Thursday, November 09, 2000

Voters said no; schools changing plans

By Sue Kiesewetter
Enquirer Contributor

        HAMILTON — Plans for a 22-classroom addition at Middletown High School are on hold, and educators in Edgewood are planning for budget reductions next semester after Tuesday's defeat of ballot issues in both districts.

        Middletown Schools voters in Butler and Warren counties rejected a 4.2-mill combination levy, 8,915 to 7,574. A similar proposal was rejected in February 1999.

        Had it passed, the 2.2-mill bond issue would have provided $30 million for building upgrades and additions while the 2-mill permanent improvement portion would have given the district $25 million over 10 years to maintain the schools. When combined with $15.5 million from the Ohio Facilities Commission, the district would have implemented a $71 million reorganization plan.

        “We need to take a few weeks to reflect, to analyze the data and seek guidance from our facilities and finance groups,” said Superintendent Wayne Driscoll. “We're at the same place we were Nov. 6. The need is still there. ... Our buildings will continue to deteriorate.”

        Although the ballot issue failed, Mr. Driscoll said, he was encouraged by the large number of positive votes cast and the fact that the issue picked up 16 percentage points from the last bond issue.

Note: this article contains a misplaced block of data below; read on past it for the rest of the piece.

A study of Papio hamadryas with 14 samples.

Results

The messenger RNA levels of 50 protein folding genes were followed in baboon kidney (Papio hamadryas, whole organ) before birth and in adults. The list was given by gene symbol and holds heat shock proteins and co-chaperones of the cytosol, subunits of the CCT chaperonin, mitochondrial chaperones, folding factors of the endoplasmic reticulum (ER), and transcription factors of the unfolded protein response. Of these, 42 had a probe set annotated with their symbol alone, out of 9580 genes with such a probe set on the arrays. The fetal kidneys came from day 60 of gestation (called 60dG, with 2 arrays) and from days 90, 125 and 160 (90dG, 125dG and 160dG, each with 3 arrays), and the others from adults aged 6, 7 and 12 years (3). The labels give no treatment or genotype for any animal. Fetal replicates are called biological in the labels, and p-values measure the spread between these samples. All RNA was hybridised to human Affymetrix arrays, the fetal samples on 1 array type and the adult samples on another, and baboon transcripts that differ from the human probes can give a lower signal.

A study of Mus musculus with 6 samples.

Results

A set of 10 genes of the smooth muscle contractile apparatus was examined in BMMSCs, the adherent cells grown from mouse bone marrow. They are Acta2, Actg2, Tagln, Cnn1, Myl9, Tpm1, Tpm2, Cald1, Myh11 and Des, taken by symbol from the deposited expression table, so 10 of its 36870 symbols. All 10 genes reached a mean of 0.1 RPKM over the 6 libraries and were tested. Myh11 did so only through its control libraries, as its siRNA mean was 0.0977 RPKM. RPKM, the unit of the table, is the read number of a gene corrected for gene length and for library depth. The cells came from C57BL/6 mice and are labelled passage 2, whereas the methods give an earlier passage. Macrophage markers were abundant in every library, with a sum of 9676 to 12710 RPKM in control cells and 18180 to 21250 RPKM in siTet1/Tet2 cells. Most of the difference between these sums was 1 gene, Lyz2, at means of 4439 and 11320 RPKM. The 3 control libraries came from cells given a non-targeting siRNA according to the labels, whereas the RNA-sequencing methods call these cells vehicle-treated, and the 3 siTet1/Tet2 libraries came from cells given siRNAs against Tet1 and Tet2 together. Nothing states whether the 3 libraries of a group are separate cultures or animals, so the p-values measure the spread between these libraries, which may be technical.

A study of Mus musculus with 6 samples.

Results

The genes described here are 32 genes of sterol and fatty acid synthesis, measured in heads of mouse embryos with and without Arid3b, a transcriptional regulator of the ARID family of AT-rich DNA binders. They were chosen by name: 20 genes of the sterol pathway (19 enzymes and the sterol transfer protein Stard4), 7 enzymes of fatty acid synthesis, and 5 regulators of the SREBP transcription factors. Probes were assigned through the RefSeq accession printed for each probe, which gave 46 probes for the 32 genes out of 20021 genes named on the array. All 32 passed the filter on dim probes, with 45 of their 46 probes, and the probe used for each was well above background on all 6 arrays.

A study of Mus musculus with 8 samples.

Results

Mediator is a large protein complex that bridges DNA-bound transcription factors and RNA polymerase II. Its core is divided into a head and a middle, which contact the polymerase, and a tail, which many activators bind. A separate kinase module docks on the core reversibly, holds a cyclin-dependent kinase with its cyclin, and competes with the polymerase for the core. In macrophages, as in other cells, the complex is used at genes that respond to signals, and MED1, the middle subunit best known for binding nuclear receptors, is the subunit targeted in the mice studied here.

“That's a big turnaround,” Mr. Driscoll said. “This is the highest amount of positive votes that anybody can remember, higher than in 1999 and even higher than in issues where we won.”

        In Edgewood, voters rejected a 4.9-mill operating levy, 3,504 to 2,152. It would have raised $1.67 million annually for day-to-day operations. It was the first time in 13 years that voters had been asked for a tax raise.

        Superintendent Dale Robertson said he would recommend that the board of education put the issue back on the February ballot. He will begin planning one round of spending cuts to begin no later than mid-January. A second set of budget reductions would be implemented only next July if a ballot issue doesn't pass before then. The district will end this school year with a balance near zero.

        “Without passage of an operating levy in February - or May at the latest - there will be several empty classrooms because of fewer teachers,” Mr. Robertson said Wednesday.

        Field trips and professional development are likely areas for immediate reductions along with supplies and building budgets. More drastic cuts, if needed, would come from the areas of teaching and support staff, transportation, after-school activities and maintenance of buildings and grounds.